Westchester Public Library is testing the digital waters when it comes to
promoting its services and programs.
Meeting Thursday, Library Board members learned information technician Mike
Acsbok and staff are testing 23-inch, flat-screen monitors outfitted with
computer software that can be used in various WPL departments to let patrons
know about upcoming events and ongoing offerings.
When not in use, said Acsbok, screens on the public-access computers also
could be programmed to display the messages, which could be customized for
individual departments or for general use.
Library Board president Drew Rhed voiced a preference for the
less-intrusive, smaller screens. Member Abbe Trent said she doesn’t want the
buildings to look like a sports bar.
Director Phil Baugher explained some libraries are installing large, color
digital signs outdoors to reach their target audience. He said WPL could do
the same, the most visible spot being on the brick retaining wall of the
Library Service Center at Calumet Road and Indiana Avenue, but vandalism and
town zoning codes could be a problem.
The board briefly discussed but didn’t pursue advertising on the new digital
Chesterton/Duneland Chamber of Commerce sign adjacent to Indiana 49 south of
Porter Avenue. Despite having 30,000 vehicles per day pass the sign, Baugher
said many of the motorists are not WPL’s primary audience of Westchester
Although more and more libraries are embracing digital-sign technology,
Baugher added, he’s not aware of studies having been done to track a
correlation between electronic messaging and increased patronage.
He reported for the month of May circulation at WPL’s Thomas and Hageman
libraries was down and year-to-date shows just under a 1 percent increase.
Board member Michele Corazzo asked if it’s valuable to track statistics for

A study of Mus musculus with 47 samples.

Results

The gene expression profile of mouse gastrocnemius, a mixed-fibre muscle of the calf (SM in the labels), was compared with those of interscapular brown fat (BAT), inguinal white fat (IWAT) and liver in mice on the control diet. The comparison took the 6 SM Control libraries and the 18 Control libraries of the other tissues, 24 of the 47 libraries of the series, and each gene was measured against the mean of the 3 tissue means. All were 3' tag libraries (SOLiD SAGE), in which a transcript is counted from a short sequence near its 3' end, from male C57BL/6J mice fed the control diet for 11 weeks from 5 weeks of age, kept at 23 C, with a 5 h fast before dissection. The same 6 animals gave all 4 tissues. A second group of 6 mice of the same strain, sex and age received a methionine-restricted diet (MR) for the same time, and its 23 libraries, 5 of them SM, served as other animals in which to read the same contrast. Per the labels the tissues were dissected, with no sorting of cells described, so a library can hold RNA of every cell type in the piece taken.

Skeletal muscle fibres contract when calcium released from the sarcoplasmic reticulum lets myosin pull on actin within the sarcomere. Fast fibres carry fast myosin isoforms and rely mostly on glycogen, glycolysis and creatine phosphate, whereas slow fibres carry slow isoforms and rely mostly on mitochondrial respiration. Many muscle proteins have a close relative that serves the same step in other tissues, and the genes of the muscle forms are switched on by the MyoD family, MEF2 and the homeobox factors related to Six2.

lesser-circulated materials. Baugher said all statistics are important and
used by those at WPL who purchase materials to know where the demand is.
With periodicals down 19.91 percent at Thomas last month, he continued, that
demonstrates more patrons are using e-readers and WPL is ordering more
pre-loaded e-readers to circulate.
Baugher noted libraries are walking against a headwind considering all the
alternatives people have for information and entertainment today. “That’s
not to say libraries will be obsolete in 10 years, but things are changing.”
It was announced the expansion and modernization of first-floor Thomas
restrooms to make them handicapped accessible are completed, and bids are
being solicited to replace the fixtures and tile in the second-floor Thomas
Last month Baugher recommended the Library Board consider a small expansion
of Hageman Library in Porter that would include new handicapped-accessible
restrooms, additional storage and a new meeting/programming room; the
current meeting room could be used for public-access computers.
WPL has over $4 million in its Library Improvement Reserve Fund, more than
sufficient to pay for the Hageman upgrade without a bond issue or increase
in taxes although under new laws the Porter County Council likely would have
to approve the project.
Baugher reported WPL received a total spring tax draw of $1,354,858 with $7
million now in all funds. Preparation of the 2013 budget has begun and the
director preliminarily included a 2 percent pay increase for staff, a new
library telephone system and tentatively a Hageman restroom remodel.
Baugher said while some may think WPL has too much money, the long-term goal
is to expand Thomas Library as well as provide a cushion against future
property-tax downturns so services could continue. After weathering the
devastating 2001 Bethlehem Steel bankruptcy, “I look at the economy today
and it scares me to death.”
There are still four, 4-foot by 4-foot public plots available for planting
at Hageman’s new community garden. Patrons are asked to sign an
application/agreement for use of the raised beds.
The Friends of the Library group maintains carts at Thomas Library with free
books for patrons to keep. During May approximately 1,200 books were
downtown Chesterton’s Thomas Park, WPL sponsors a free concert by the
Valparaiso University/Community Band at 7 p.m. followed by the film “The
Smurfs” at dusk. June 22 Patti Shaffner and Friends will present jazz music
preceding the movie “Zookeeper". Both films are rated PG. The Friday night
concerts/movies continue through Aug. 10.